Providing visibility into your work is one of the most underrated developer soft skills. Coworkers are often too busy to keep track of what’s going on with engineering work, even if it’s their job to know what’s going on with engineering work. It’s generally not out of malice or lack of interest, but a lack of time and energy to chase down every issue or conversation thread. And to be fair, engineering is an opaque process where we trick the rocks inside a computer to act like a business.

Standups are a great tool for sharing visibility. Unfortunately, not everyone loves standups. I’ve personally experienced some extremely toxic scrum master situations. Impersonal bots can have the same effect. A daily status report can feel like micromangement leading to a loss of autonomy. Also, that visibility into your work evaporates after attendees leave the call.

For the past four or five years, I’ve been practicing an alternative to daily standups. Rather than waiting for people to confront you, I find it better to proactively share your progress in a brief bulleted list1 in a public channel (of appropriate level). That’s the secret: share without being asked. The template has evolved a bit over the years, but here’s what it looks like now:

💪 **Progress**
- Fixed something project#123
- Added something project#234
- Documented something

😖 **Regressions**
- Found bug on something project#345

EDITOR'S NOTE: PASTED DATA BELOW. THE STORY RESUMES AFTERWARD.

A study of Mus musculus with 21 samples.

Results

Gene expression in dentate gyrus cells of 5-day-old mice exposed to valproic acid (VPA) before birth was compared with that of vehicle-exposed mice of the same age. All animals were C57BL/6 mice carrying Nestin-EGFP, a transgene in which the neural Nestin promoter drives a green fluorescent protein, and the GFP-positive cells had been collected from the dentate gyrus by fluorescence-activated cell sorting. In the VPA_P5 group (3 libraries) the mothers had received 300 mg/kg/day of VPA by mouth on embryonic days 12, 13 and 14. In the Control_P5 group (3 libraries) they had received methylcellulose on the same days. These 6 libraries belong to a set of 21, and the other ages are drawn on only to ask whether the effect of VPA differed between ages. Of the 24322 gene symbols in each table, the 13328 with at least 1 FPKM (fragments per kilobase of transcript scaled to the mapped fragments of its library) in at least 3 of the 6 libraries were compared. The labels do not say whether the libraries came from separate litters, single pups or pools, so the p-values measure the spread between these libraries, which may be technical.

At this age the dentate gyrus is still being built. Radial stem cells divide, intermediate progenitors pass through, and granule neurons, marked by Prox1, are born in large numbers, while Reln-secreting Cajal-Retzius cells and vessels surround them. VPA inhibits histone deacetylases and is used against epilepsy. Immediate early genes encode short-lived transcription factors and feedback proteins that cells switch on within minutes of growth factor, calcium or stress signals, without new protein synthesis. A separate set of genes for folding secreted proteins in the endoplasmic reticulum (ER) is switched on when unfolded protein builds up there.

🧪 **Prototypes**
- Experimented with new feature

💬 **To Discuss**
- Blocked on something project#456
📆 **This Week**
- Work on new feature project#567
- Out of office on Friday

That’s a … uh … standup?

Yeah. It’s basically a standup in newsletter form. It could be the years working in a Japanese office talking, but I don’t hate standups. They are great for mind-melding. But, as I’ve experienced, not everyone thrives in standups. But the sharing part is valuable, I try to keep doing the sharing part.

I’ve done this in solo contexts, team contexts, and external client-facing contexts and no one hates it. No one says, “God, Dave, I wish you’d quit summarizing what’s going on.” No one asks for it, I just post it. People —especially those that pay you— enjoy seeing progress made and you (or your team) can avoid a lot of workplace mistrust issues by broadcasting a short progress report.

Consistency helps. Any weekday works but I’ve found posting on Monday mornings provides a nice recap of last week’s progress and sets a baseline for expectations in the upcoming week. It’s also a good opportunity to publicly celebrate specific people or any team wins as well.

Thus sums up my entire software development philosophy: Proactively communicate as succinctly as possible what you’re working on, what problems you ran into, and what you’re working on next.

  1. The bulleted list part is maybe the most important part.